Foster care is a living situation for children whose parents cannot take care of them and whose need for care has come to the attention of child welfare agency staff. There are many reasons a child is placed in foster care, as illustrated by this chart. A child's age entering foster care ranges from less than one year to 18. The median age is 7.8. (AFCARS)
While in foster care, the child may live with relatives, foster families, or in group facilities. The fostering agent must be government-approved and is compensated for expenses by the government. There is an attempt made not to separate siblings who enter foster care simultaneously, but this is not guaranteed.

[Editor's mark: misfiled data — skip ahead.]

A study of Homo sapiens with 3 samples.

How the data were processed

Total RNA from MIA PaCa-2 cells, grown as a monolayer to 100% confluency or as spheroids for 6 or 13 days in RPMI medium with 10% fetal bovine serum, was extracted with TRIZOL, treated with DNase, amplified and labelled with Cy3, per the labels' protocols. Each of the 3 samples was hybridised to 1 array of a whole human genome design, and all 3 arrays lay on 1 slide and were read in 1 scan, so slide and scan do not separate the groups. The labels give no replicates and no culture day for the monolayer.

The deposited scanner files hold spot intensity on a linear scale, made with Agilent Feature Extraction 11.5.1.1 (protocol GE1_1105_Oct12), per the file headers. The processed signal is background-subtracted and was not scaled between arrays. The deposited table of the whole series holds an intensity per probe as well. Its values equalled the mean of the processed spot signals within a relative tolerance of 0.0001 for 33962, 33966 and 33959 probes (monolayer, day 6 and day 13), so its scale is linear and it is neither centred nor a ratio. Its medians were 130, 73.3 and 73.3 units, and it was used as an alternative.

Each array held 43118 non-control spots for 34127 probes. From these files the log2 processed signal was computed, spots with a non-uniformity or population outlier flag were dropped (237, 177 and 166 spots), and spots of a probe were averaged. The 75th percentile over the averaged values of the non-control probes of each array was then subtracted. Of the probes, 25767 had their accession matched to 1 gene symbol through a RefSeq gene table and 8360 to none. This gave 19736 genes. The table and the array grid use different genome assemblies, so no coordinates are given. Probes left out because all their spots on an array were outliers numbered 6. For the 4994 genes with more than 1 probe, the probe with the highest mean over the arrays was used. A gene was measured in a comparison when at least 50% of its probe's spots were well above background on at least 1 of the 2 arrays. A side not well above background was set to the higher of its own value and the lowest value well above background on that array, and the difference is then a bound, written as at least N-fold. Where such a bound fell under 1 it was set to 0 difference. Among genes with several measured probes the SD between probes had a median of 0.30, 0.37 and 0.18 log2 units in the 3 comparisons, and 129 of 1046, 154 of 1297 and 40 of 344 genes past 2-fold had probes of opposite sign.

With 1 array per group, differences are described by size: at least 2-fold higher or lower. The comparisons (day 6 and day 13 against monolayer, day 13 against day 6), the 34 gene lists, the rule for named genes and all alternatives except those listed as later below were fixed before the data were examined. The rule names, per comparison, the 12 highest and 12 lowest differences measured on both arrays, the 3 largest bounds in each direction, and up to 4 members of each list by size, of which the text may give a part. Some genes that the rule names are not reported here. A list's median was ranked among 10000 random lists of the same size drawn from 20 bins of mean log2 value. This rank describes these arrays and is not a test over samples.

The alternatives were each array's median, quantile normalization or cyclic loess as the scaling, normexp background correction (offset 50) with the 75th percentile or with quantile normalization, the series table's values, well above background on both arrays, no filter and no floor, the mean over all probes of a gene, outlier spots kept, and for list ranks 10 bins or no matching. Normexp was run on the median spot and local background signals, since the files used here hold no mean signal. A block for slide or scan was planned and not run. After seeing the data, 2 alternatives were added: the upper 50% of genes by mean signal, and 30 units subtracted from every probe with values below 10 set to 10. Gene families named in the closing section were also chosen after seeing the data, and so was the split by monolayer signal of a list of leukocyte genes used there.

Placement in foster care is intended to be temporary. Just over half of the foster kids are reunified with their parents or primary caregiver before they reach the age of 18. About 20,000 kids per year stay in foster care until they turn 18 or graduate from high school (if older than 18), at which point they are expected to move out of their current residence and start their lives on their own. The term used to describe this is “aging out.” Some states allow a child to remain in foster care until age 21.
33% of children entering care will have been in care before.
25% of children experiencing foster care show signs of PTSD. (Foster Club)
55% of foster kids graduate from high school. (FosterSuccess)
Only 50% of children who experience foster care will be employed by the age of 24 (Foster Focus).
50% of them experience homelessness. (Foster Focus)
The statistics shown above are based on 2019 data published in March 2021 by the Child Welfare Agency unless otherwise noted.